The United States must provide binding commitments over its future use of the British territory of Diego Garcia in the Indian Ocean if it is to be allowed to carry on using its vast military base on the island, MPs have said.
The Commons Foreign Affairs Committee said public confidence had been "dented" by the disclosure in 2008 that the US had secretly used the island as part of its "extraordinary rendition" programme without informing British ministers - in contravention of previous assurances.
The committee said the Government should use the forthcoming negotiations on the renewal of the 50-year agreement allowing the US to use the island - which runs to 2016 - to tighten up the previous informal arrangements.
It said that a requirement to obtain the prior approval of the UK Government for the use of island in combat operations or other "politically sensitive activity" should be written into the new agreement - with an explicit condition that it must not be used for rendition without authorisation from UK ministers.
The committee chairman, Sir Richard Ottaway, said: "We believe that would concentrate minds and prevent a recurrence of the unhappy events of 2008."
He added: "This is about building confidence. The Government relied on US assurances on its use of Diego Garcia, and in 2008 these proved to be inaccurate. That severely damaged credibility. The British public is entitled to know that the UK is able to exercise control over its sovereign territory and what happens there."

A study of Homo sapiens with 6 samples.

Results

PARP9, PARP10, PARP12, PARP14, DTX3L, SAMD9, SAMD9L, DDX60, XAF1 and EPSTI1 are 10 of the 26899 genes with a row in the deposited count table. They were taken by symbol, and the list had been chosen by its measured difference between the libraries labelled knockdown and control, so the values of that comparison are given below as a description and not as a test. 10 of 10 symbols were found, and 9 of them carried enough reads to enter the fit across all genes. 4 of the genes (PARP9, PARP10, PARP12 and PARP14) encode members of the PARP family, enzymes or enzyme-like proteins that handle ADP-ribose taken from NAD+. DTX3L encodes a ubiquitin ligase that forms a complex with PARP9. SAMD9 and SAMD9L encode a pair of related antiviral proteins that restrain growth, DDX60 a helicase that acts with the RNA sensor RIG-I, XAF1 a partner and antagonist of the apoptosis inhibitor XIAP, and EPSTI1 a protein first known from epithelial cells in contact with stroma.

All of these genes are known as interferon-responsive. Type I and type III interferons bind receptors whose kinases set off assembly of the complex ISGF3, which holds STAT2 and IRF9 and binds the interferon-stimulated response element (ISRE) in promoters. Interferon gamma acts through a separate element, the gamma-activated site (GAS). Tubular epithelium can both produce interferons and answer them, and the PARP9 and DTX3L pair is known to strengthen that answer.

In 2006, the then foreign secretary Jack Straw told MPs that there was no evidence that the US had used any British overseas territory in the rendition of terrorist suspects following the 9/11 attacks in 2001.
Two years later, however, the then incumbent David Miliband disclosed that the US had since admitted it had used Diego Garcia for the re-fuelling of rendition flights on two occasions in 2002 without informing the UK.
Earlier this year, it was reported that an as yet unpublished US Senate committee inquiry had found that the CIA had a so-called "black site" on the island which it used for the detention of "high value suspects" with the "full co-operation" of the UK government.
"If these reports are substantiated, we would expect to revisit this issue, to assess the implications for the UK and for public confidence in its statements on US use of Diego Garcia," the committee said.